The researchers created a makeshift prehistoric camp as part of the study.


Early humans living in what’s now France carved art on rock tablets and placed them by the flickering light of a fire to give the illusion of movement – an early form of animation, according to new research.

Researchers from the University of York and Durham University in the United Kingdom studied 50 stone plaquettes held in the British Museum that were engraved by hunter-gatherers about 15,000 years ago.

The researchers recreated the engraved limestone plaquettes.

The plaquettes were made of limestone and excavated from a rock shelter in Montastruc, France, in the 19th and early 20th century. They feature different animals – mostly commonly horses, reindeer, red deer and bison, but also wolves and ibex.

The researchers identified patterns of pink heat damage around the edges of some of the stones, providing evidence that they had been placed in close proximity to a fire.

To understand exactly why, the researchers conducted their own experiments in a makeshift prehistoric camp and used virtual reality software. They recreated the engraved tablets as they would have looked originally – with clear white lines – and placed them around a fire.

They said pattens of heat damage suggest they were placed near hearths to appear to move and flicker in the firelight. The interaction between engraved stone and the roving light of the fire made the forms appear dynamic and alive, the study said.

“We conducted this experiment at night as well. So we had the full effect – the flickering firelight – it was quite an exciting experience I think to see these engraved forms kind of jump to life a little bit before our eyes,” said Izzy Wisher, a doctoral student at the department of archeology at Durham University and coauthor of the study that published in the scientific journal PLOS ONE on Wednesday.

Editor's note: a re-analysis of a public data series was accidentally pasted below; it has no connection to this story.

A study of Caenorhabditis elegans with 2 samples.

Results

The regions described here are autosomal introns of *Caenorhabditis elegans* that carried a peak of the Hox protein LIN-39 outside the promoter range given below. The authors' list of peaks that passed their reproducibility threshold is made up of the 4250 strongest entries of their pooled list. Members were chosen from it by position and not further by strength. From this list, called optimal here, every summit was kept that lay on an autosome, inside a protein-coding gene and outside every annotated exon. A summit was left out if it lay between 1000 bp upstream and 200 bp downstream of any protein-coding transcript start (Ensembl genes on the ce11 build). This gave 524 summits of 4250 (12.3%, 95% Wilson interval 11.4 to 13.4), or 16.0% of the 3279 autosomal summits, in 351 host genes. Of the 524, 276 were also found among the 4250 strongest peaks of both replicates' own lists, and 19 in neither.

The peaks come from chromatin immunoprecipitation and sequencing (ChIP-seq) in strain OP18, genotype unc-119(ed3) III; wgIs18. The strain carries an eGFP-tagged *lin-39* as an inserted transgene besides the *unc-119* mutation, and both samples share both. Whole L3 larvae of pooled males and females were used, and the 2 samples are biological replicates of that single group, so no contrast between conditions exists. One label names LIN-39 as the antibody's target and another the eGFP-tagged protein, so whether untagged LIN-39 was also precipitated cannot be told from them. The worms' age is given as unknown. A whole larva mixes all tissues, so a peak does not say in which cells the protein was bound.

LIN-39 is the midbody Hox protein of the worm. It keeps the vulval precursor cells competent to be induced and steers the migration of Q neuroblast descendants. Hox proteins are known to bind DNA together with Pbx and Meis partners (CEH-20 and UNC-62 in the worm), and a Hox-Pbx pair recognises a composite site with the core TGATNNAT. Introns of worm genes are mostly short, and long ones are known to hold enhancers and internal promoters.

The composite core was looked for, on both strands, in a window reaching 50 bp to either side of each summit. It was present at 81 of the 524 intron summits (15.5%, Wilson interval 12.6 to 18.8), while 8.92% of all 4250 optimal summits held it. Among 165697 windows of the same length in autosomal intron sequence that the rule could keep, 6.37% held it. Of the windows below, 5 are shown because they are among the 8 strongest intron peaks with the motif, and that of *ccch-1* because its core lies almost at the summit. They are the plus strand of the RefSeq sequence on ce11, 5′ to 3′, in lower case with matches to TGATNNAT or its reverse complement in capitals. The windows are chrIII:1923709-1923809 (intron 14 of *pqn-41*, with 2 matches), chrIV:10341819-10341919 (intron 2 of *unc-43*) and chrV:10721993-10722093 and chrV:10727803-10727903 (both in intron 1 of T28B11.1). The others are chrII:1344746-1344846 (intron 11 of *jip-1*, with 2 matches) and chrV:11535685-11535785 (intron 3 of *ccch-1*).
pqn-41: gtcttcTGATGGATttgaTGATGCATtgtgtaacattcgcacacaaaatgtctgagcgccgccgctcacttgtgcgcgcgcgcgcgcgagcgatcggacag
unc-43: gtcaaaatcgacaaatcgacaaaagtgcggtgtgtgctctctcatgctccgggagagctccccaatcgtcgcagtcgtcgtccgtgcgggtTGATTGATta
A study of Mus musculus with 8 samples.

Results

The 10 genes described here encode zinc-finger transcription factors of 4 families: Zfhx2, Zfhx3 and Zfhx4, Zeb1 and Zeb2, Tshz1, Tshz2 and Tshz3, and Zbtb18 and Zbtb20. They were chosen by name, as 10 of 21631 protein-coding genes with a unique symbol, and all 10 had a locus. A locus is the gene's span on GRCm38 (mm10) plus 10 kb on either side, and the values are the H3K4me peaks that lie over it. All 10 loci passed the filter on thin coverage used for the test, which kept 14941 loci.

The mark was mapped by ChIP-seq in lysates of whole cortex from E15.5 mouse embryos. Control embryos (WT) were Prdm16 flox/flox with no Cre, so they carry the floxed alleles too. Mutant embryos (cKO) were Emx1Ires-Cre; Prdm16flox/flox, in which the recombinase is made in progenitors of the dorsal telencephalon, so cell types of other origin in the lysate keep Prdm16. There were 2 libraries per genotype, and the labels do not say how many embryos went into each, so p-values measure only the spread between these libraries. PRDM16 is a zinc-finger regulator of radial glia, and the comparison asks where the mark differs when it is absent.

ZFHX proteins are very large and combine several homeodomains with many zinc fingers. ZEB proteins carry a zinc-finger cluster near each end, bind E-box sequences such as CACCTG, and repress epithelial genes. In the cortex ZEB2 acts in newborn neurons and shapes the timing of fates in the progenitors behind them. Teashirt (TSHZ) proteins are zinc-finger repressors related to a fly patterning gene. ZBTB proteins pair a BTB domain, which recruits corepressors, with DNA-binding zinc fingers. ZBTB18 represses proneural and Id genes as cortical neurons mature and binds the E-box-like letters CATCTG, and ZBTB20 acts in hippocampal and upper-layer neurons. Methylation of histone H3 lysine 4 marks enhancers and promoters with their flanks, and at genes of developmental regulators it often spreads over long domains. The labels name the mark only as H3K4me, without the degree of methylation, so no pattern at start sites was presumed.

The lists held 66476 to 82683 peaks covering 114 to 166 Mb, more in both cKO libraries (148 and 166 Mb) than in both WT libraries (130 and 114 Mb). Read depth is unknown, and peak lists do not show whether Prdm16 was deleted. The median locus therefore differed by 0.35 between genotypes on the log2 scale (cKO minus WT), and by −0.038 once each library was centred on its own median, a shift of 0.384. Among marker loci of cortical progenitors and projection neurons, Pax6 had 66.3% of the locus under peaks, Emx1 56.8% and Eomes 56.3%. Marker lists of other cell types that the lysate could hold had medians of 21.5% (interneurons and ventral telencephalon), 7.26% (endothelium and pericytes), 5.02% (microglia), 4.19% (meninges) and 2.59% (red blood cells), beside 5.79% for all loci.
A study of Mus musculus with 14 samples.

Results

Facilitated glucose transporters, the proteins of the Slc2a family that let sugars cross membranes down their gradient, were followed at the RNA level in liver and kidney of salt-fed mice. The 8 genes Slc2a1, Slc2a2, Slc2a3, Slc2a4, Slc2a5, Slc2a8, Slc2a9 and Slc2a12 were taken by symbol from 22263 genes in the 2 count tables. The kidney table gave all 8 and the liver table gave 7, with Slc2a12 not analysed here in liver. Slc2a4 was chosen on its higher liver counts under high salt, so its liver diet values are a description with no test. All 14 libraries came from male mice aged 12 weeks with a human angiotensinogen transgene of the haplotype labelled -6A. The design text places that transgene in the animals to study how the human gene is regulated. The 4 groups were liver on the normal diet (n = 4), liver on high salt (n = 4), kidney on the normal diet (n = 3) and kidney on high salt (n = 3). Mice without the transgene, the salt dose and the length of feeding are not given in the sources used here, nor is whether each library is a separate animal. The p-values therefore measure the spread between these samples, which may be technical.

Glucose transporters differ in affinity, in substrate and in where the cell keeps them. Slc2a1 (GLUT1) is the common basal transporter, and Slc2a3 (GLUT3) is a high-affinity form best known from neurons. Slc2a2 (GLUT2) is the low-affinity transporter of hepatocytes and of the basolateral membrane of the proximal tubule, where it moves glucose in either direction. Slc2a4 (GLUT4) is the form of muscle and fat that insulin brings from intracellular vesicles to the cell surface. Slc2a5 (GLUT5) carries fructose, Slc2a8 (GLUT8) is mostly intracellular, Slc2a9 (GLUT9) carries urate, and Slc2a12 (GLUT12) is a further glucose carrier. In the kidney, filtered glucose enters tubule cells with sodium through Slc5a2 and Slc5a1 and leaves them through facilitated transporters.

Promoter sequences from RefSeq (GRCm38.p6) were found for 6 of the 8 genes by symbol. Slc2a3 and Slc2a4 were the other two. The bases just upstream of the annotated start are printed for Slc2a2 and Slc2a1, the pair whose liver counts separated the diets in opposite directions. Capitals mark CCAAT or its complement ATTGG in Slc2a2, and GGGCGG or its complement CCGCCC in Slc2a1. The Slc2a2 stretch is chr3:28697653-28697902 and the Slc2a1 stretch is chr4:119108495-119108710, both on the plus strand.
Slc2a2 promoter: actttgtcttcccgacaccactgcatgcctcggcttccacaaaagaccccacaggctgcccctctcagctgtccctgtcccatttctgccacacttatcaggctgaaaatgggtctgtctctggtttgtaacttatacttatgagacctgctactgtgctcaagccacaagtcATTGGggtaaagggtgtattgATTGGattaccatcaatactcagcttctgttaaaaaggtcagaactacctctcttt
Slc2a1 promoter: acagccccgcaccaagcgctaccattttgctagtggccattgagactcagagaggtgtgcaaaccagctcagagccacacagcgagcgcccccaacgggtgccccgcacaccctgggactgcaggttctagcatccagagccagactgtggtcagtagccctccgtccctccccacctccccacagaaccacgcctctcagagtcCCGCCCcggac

“And also to then observe that the heating patterns produced by that activity matched most closely with the Montastruc examples – that was very exciting as well.”

The engraved plaques may have also had a practical purpose – the stones may have marked the outline of the hearth. But the researchers said their study indicated they weren’t solely functional, plus the same function could have been achieved by limestone that wasn’t engraved.

The engraved stone were placed around a fire. The interaction between the engraved animals and the roving light of the fire would have made the animal forms spring to life.

The study said that human neurology is particularly attuned to interpreting shifting light and shadow as movement and identifying visually familiar forms in such varying light conditions.

The flames and placement of a series of plaquettes would have made the engraved animals “pop to life” as if animated, Wisher said.

“These are societies that are really focused on animals. Their whole lives are spent tracking animals, hunting animals, thinking about animals, processing animal hides for clothing. So it’s probably not a stretch to say that their stories would have also involved animals,” said Wisher.

“(It’s) exciting to think about this art as being part of those stories that they’re telling by the fireside and as they’re talking about what they’ve been up to that day or telling stories about particular animals that those animals are also then springing to life in front of the fire.”